Preeclampsia: Symptoms, Risk Factors, Treatment & Prevention

seated pregnant woman consulting with her provider

Preeclampsia is a health condition that can occur during and immediately after pregnancy. It can cause dangerous complications for both you and your baby if it is not diagnosed and treated quickly. It’s important to understand the symptoms, risk factors, causes, and treatments.

What is preeclampsia?

Preeclampsia is a condition in pregnancy where high blood pressure can impact your organs (like your kidneys, liver and brain) and cause serious health problems. It impacts approximately 8% of deliveries worldwide and is a leading cause of preterm birth.

Preeclampsia can lead to several complications, including stroke, seizures and a condition known as HELLP Syndrome, in which the liver and blood cells are damaged. It can also impact your baby’s growth or also cause a condition called placental abruption, in which the placenta separates from the uterus, potentially affecting the baby’s nutrient and oxygen supply.

Preeclampsia can occur as early as 20 weeks of pregnancy, though some people won’t develop symptoms until closer to delivery. It can also present for the first time in the postpartum period, after your baby is delivered and can occur up to 6 weeks postpartum.

What are symptoms of preeclampsia?

While experiences can vary, some commons signs and symptoms may include:

  • swelling of face, hands, or lower extremities
  • headache that will not go away with Tylenol
  • seeing spots, blurred vision or changes in eyesight
  • pain in the upper right abdomen or shoulder
  • nausea and vomiting (in the third trimester)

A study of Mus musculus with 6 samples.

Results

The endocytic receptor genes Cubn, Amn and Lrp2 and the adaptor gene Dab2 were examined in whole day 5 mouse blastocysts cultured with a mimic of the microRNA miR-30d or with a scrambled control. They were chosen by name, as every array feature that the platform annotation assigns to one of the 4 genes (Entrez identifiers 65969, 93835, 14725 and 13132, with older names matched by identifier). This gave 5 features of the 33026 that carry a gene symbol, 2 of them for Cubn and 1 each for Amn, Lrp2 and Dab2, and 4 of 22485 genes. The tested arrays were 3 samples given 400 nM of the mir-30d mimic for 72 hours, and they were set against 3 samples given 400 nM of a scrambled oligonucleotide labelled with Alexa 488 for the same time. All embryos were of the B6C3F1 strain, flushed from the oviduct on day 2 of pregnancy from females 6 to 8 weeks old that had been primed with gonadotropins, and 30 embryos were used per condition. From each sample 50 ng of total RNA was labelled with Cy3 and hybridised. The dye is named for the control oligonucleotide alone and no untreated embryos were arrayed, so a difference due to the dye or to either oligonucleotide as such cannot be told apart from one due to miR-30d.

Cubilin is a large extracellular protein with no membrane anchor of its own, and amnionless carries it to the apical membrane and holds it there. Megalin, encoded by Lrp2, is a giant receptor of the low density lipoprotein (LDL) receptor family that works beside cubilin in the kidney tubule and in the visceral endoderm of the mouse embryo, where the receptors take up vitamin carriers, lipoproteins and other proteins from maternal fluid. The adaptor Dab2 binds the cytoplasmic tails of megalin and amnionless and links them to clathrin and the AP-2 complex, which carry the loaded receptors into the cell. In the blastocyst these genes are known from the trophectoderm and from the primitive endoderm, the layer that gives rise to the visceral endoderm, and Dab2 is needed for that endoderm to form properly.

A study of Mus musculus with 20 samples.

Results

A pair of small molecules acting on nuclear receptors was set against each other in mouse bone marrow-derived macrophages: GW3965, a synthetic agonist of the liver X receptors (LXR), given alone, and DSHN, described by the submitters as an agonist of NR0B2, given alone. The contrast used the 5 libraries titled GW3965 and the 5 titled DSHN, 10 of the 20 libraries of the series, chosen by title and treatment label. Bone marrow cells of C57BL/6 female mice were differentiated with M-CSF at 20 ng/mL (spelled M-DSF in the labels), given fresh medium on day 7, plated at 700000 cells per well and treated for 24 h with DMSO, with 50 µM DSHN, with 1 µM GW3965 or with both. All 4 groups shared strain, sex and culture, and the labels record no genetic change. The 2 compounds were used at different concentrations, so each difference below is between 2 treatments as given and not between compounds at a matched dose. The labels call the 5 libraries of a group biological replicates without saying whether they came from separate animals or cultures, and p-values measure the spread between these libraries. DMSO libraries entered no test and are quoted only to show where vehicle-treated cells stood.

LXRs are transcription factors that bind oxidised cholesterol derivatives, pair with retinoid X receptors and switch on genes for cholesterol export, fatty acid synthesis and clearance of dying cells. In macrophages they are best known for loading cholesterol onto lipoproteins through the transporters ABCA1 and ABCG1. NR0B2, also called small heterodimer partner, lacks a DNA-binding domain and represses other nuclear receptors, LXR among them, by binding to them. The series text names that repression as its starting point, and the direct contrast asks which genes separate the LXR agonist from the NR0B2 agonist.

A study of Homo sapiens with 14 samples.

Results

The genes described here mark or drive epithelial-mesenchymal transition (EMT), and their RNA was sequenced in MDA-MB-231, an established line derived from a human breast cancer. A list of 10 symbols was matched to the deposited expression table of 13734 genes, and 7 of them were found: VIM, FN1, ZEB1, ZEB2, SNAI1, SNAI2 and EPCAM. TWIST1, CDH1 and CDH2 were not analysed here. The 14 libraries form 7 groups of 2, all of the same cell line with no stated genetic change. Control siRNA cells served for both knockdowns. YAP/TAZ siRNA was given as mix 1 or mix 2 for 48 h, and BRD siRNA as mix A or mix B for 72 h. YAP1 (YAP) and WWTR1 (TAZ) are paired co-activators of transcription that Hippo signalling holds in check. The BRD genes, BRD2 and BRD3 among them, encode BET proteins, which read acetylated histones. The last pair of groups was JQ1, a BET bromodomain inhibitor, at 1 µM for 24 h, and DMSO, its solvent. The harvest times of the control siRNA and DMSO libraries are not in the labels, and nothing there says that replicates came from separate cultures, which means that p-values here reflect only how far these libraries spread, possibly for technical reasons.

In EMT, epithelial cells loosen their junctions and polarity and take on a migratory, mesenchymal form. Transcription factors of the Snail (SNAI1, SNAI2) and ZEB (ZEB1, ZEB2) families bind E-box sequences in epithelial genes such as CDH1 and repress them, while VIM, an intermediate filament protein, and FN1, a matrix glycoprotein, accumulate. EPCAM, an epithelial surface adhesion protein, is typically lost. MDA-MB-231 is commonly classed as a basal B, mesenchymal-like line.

• sudden weight gain (due to swelling and/or water accumulation)
  • difficulty breathing

If you are experiencing any of these symptoms or simply don’t feel like yourself, reach out to your healthcare provider. Remember, every person is different so it is important to be aware of your own body.

Who is at risk?

While it isn’t clear why some will develop it and others won’t, the American College of Obstetricians and Gynecologists lists these risk factors for developing preeclampsia:

  • This is your first pregnancy
  • Family history of high blood pressure
  • Being pregnant with more than 1 baby
  • You are younger than 20 years old or older than 40 years old
  • You have a history of high blood pressure or kidney disease prior to becoming pregnant
  • Pregnancy that occurs more than 10 years after a previous pregnancy
  • Body mass index of 30 or more, meaning a person is obese
  • Having diabetes, kidney disease, an autoimmune disease or chronic high BP
  • Being age 35 or older
  • A family history of preeclampsia

How is preeclampsia diagnosed?

Your healthcare provider will check your blood pressure, order blood tests, and a urine analysis; and may recommend an ultrasound to monitor your baby’s health.

How is preeclampsia treated?

Delivery is part of the cure for preeclampsia. If you are diagnosed with preeclampsia, you and your healthcare provider will create a plan to manage the condition until it is safe to deliver the baby. You may be prescribed blood pressure medication, or steroid injections to help fetal lungs develop faster. Your healthcare provider may also recommend regular monitoring of blood pressure and more frequent sonograms. 

If you have preeclampsia, you should have your blood pressure evaluated 7-10 days postpartum, however, if you have severe preeclampsia, your blood pressure should be checked within 3-5 days of delivery.  

Can I prevent preeclampsia?

While there’s no way to prevent preeclampsia, it’s important to follow your healthcare provider’s recommendations to address your risk factors. For example, if you are at risk, they may suggest taking a daily low-dose aspirin starting at 12 weeks gestation. Always speak to your doctor before starting a medication. If you’ve already had preeclampsia and plan to get pregnant again, be sure to talk to your healthcare provider about ways to reduce your risk. 

Please note this content is for informational purposes and is not intended as a substitute for medical advice. Please consult with your healthcare provider about your specific journey.